Sisters Acacia Wastchak and Lauryl Wastchak

Sisters Acacia Wastchak, 17, and Lauryl Wastchak, 15, are both members of Saguaro High School’s Rotary Interact Club. They volunteered to load medical supplies this month alongside several Valley Rotary Clubs, including the Rotary Club of Scottsdale.

Recent Saguaro High School graduate Acacia Wastchak never met her grandfather, David Wastchak, who died before she was born.

But that didn’t stop the 17-year-old from continuing his legacy as an impassioned, accomplished Rotarian.

“My grandfather was actually a pioneer Rotarian in Arizona and was very big into everything Rotary,” Acacia said. “I feel very connected to him whenever I do things with Rotary.”

Acacia’s accomplishments as a teenage Rotarian run long. She joined the Rotary Interact District 5495 Council’s executive board as assistance district governor and also embarked on a short-term Rotary youth exchange to Ecuador for six weeks.

High school may now be behind her, but Acacia’s work as a Rotarian is far from over.

This month, Acacia, along with her 15-year-old sister Lauryl, helped the Rotary Club of Scottsdale load a truck full of $400,000 worth of medical supplies for five hospitals in Sonora, Mexico – the location of one of Scottsdale’s long-time sister cities, Alamos.

“It was really fun and I got to connect with some other Rotarians. It’s always fun to meet Rotarians,” Acacia said.

Members of the Rotary Club of Scottsdale were joined by members of the Club Rotario de Phoenix, Rotary Club of Tempe South and Rotary Club of Prescott, as well as other Rotarians, to pack the 53-foot long SWIFT commercial truck with supplies donated by Tempe-based Project C.U.R.E.

Donated items include hospital beds, examination beds, walkers, crutches and bandages to meet the immediate needs of the COVID crisis.

“This donation of medical supplies, beds, and support equipment is perfectly timed for the immediate needs that have been caused by the COVID 19 crisis,” said Rotarian Dale Gray of the Rotary Club of Scottsdale.

Gray led the project with the support of fellow Rotarians, David Pastor and Max Rumbaugh.  

“Mexico in general and Sonora specifically have a battle going on and the addition of more beds and supplies will make it better for the hospital and the patients impacted by this virus,” Gray said.

Seven Rotary Clubs in Arizona District 5495 and Club Rotarios in Sonora, Mexico donated money to pay for the transportation and cross-border expenses.

Once the medical supplies were loaded, the truck headed straight to Hermosillo Mexico for inspection and acceptance, with supply drop-offs in San Luis Río Colorado, Puerto Peñasco, Ciudad Obregón, Navajoa, and Alamos, which received a used ambulance donated by Phoenix’s American Medical Response.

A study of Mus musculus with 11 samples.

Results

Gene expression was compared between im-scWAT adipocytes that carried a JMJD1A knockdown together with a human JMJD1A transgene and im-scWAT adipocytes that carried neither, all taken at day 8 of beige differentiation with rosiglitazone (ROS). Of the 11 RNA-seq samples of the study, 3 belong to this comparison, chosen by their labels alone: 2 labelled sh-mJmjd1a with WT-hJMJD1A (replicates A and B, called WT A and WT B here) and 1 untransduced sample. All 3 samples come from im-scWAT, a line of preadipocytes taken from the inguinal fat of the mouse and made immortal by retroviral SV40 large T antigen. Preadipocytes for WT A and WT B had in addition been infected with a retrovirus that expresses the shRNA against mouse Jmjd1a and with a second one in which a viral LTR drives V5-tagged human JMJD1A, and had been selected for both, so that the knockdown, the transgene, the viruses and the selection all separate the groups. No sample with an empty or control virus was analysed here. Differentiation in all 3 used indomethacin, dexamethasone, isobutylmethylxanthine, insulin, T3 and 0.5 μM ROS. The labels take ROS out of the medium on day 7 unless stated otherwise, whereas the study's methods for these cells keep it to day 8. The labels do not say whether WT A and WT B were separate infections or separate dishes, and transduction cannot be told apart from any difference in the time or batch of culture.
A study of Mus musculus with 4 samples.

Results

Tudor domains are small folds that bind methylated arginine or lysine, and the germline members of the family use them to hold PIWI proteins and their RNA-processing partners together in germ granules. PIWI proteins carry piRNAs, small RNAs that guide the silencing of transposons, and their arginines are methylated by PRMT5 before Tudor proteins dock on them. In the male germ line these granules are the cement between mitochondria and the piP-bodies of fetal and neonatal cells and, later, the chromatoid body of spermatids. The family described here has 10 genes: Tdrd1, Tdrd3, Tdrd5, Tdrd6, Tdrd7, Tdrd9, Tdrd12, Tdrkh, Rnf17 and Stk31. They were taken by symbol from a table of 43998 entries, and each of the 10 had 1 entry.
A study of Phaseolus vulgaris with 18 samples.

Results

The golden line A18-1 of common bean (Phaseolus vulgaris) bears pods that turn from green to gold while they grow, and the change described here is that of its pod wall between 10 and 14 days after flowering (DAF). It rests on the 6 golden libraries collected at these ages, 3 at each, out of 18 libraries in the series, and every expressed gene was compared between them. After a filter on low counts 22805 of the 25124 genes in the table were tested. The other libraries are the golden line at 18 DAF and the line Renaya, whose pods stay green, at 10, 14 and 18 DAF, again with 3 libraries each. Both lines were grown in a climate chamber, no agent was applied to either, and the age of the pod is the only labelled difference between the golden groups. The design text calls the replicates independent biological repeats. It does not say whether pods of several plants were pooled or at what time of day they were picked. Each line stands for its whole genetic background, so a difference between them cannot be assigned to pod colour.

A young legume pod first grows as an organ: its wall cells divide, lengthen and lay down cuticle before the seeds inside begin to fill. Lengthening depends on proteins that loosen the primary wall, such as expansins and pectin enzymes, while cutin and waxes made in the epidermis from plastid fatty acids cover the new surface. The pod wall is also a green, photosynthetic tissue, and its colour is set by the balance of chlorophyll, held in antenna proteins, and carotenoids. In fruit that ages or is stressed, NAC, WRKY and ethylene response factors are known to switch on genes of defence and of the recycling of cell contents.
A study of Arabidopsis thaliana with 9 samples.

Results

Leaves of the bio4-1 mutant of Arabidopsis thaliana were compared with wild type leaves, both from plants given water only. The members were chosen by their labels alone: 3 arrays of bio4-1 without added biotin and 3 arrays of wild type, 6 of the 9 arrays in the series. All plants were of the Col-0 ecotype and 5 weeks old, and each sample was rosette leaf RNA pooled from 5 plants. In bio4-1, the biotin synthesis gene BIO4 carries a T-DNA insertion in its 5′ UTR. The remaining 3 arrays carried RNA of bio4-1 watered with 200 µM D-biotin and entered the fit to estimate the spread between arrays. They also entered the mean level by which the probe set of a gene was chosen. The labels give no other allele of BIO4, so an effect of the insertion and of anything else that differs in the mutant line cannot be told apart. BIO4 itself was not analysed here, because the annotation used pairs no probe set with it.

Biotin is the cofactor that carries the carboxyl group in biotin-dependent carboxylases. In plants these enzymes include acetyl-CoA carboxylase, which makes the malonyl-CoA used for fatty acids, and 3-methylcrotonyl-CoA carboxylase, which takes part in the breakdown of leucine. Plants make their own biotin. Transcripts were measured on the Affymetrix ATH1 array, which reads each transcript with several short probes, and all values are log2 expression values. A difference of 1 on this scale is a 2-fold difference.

“Rotarians and medical professionals went and did a survey of the five most needy hospitals in Sonora, and those are going to be the beneficiaries of the trucks that we’re sending down there,” Acacia explained.

A second truck will be loaded with more medical equipment, including surgical equipment, anesthesia machines, incubators and baby warmers, more consumable supplies and more PPE, and shipped off in about two more weeks.

“Our goal, with the Ministry of Health Sonora, is to improve the ability of the hospitals to provide new services locally consistent the Ministry’s goals and training programs,” Gray said.

The Rotary Club of Scottsdale is also working alongside other Clubs to assist the Navajo Tribe with getting water into their homes.

“[It’s] so critical in proper hygiene for stopping the spread of COVID-19,” Gray said of the Navajo Tribe water project. “This is the third year of this project, and it is funded for over $400,000, involving our District 5495 and multiple clubs.”

The Rotary Club of Scottsdale is also working on a wheelchair project in central Mexico; expanding their multi-year Crutches for Africa to Crutches for Mexico; supporting a water project in South Sudan, as well as Hepatitis prevention in Mongolia; and supporting a recently completed a water project in Nicaragua that provided water to 3,000 people. 

“We gave out over $65,000 in scholarships to Scottsdale high school students last week, donated $10,000 to a Food Bank, painted houses of elderly, and other local efforts,” Gray said, noting:.

 “Our club and our district are very active in helping people in need across the city, state, country, and across the world.”

In the fall, Acacia will pursue a degree in international trade at ASU’s Thunderbird School of Global Management.

She’ll also join the collegiate-level Rotary club, Rotaract, as well join the state council.

But in the meantime, Acacia will volunteer at least one more time for the Rotary Club of Scottsdale to help load more medical supplies to Sonora, an effort that’s especially important to her.

“I had the opportunity to be a youth ambassador to our sister city of Alamos, which is one of the cities that is benefiting from this project,” she said. 

“Since I went to Alamos, it was really important to me to be a part of this. That is benefiting people that I came in contact with.”

The Rotary Club of Scottsdale writes “love notes” on the boxes to let the recipients know they’re thinking of them and wish them well, Gray said.

“Rotary’s theme is ‘people of action.’ With this said, we encourage more volunteers to join us in making a difference,” he added.

Acacia also encourages people to join the Rotary Club.

“Arizona is definitely a hot-spot for Rotary Clubs. We have one of the strongest Rotary districts in the country,” she said. “There’s just so many opportunities, and there’s a space for everyone to get involved and help.”

“If people want things to change, they have to participate. We can change the way people think by becoming friends in communities,” Gray added. “This is the way out of this crisis. Get involved in something that you are passionate about!”